Keywords: Tags  titanium, aerospace, Precision Castparts, Timet, Titanium Metals, Mark Donegan, Steven G. Hackett, Harold C. Simmons Synchronous Areospace Group


LOS ANGELES — Precision Castparts Corp. (PCC) isn’t at the end of its acquisition string, but another purchase on the scale of its pending blockbuster takeover of Titanium Metals Corp. (Timet) may not be in the cards anytime soon, PCC’s top executive said.

"Are we at the end of ideas? No, we’re not by any stretch of the imagination," PCC’s chairman and chief executive officer Mark Donegan said at the Credit Suisse 2012 Aerospace and Defense Conference in New York last week when asked about the possibility of additional acquisitions in the near future.

In what Donegan described as a "needle-mover" for PCC, the Portland, Ore.-based producer of castings, forgings, fasteners and aerostructure components said in November it would pay $2.9 billion for Timet. PCC followed the news last week with its intention to acquire Synchronous Aerospace Group, a Santa Ana, Calif.-based aerospace machining and manufacturing company (amm.com, Nov. 28).

While PCC didn’t disclose how much it will pay for Synchronous—whose owner listed its annual sales at $130 million—the price is thought to dwarf that of Dallas-based Timet, whose 2011 revenues were more than $1 billion.

Donegan cited some "interesting dynamics" in play until the end of the year that have influenced the current pro-acquisition environment. "There is a reason why you’ve seen so much" takeover activity in the last six months and may see more for the balance of 2012, he said at the conference.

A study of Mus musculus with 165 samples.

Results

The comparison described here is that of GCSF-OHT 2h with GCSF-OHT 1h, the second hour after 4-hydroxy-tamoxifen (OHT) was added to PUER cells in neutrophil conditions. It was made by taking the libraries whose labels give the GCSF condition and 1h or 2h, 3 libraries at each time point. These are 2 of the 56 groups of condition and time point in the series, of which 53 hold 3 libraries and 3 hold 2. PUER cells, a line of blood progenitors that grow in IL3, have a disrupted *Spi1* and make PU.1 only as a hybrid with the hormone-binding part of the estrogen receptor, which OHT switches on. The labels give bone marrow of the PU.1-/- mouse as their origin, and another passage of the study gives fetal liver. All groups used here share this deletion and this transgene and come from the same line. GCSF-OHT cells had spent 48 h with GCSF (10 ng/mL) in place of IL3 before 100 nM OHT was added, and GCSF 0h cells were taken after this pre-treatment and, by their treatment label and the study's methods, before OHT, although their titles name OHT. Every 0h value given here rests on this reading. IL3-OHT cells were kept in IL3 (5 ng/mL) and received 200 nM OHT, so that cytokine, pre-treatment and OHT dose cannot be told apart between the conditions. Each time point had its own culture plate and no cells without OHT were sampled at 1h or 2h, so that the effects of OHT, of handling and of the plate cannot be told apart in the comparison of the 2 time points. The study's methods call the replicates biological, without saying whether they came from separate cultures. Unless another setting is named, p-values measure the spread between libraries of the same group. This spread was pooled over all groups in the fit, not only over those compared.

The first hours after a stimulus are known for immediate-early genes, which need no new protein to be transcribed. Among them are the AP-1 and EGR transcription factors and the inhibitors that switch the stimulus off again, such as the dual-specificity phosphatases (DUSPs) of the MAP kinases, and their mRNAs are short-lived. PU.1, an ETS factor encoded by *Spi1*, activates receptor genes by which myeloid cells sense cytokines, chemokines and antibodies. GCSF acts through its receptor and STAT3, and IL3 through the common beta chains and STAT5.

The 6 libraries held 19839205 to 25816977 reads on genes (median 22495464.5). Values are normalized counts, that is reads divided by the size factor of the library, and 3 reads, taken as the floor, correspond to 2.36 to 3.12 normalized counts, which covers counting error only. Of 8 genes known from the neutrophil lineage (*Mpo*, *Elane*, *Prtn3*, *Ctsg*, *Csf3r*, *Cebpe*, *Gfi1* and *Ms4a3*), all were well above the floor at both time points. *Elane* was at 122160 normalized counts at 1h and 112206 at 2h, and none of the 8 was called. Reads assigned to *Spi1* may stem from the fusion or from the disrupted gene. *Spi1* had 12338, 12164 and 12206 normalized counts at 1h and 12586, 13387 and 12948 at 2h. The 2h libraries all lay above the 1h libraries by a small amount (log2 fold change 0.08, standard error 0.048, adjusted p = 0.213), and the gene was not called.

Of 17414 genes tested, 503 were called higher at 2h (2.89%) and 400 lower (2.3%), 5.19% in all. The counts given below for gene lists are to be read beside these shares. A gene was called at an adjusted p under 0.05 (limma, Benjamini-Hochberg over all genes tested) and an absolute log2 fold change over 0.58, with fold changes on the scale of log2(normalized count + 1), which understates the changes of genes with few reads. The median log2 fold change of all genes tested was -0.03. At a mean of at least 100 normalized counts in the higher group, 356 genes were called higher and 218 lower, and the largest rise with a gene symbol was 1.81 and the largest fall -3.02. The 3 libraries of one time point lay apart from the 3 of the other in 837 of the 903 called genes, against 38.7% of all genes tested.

Donegan didn’t go into further detail on these "dynamics," and a PCC spokesman couldn’t be reached for comment. But many say he was likely referring to the increasing likelihood following last month’s re-election of President Barack Obama that capital gains taxes will go up with the New Year.

Some industry sources—noting that the Nov. 9 announcement of the proposed Timet acquisition came just three days after the national election—say they believe this helped convince Harold C. Simmons, the billionaire investor who controls Timet, to go against his reputation for not divesting his holdings and instead sell the titanium producer. The sale is expected to be finalized by the end of the year.

Nevertheless, Donegan emphasized that PCC—whose business model is known for strict reporting procedures and a relentless effort to attack costs—has a team in place that could tackle still more acquisitions soon, although such acquisitions probably wouldn’t be as large as Timet.

"If something comes up that’s a must-have, I think we’re OK," he said. "Do I think we’ll get another needle-mover in the next 22 days? No."

For example, he said, in PCC’s traditional businesses such as castings and fasteners, the company "could take on more tomorrow morning and the management team can handle it."

Donegan said that Steven G. Hackett, PCC’s senior vice president of new business integration, has been the point man for integrating acquisitions into the parent company and will oversee the assimilation of Timet. He pointed out that Hackett played the same role after PCC’s $850-million acquisition of Carlton Forge Works, a Paramount, Calif.-based producer of aerospace forgings that it bought in 2009 and is believed to be among Timet’s customers (amm.com, Aug. 27, 2009), as well as SPS Technologies Inc., a Jenkintown, Pa.-based fastener manufacturer that PCC acquired in 2003 for about $730 million (amm.com, Aug. 19, 2003).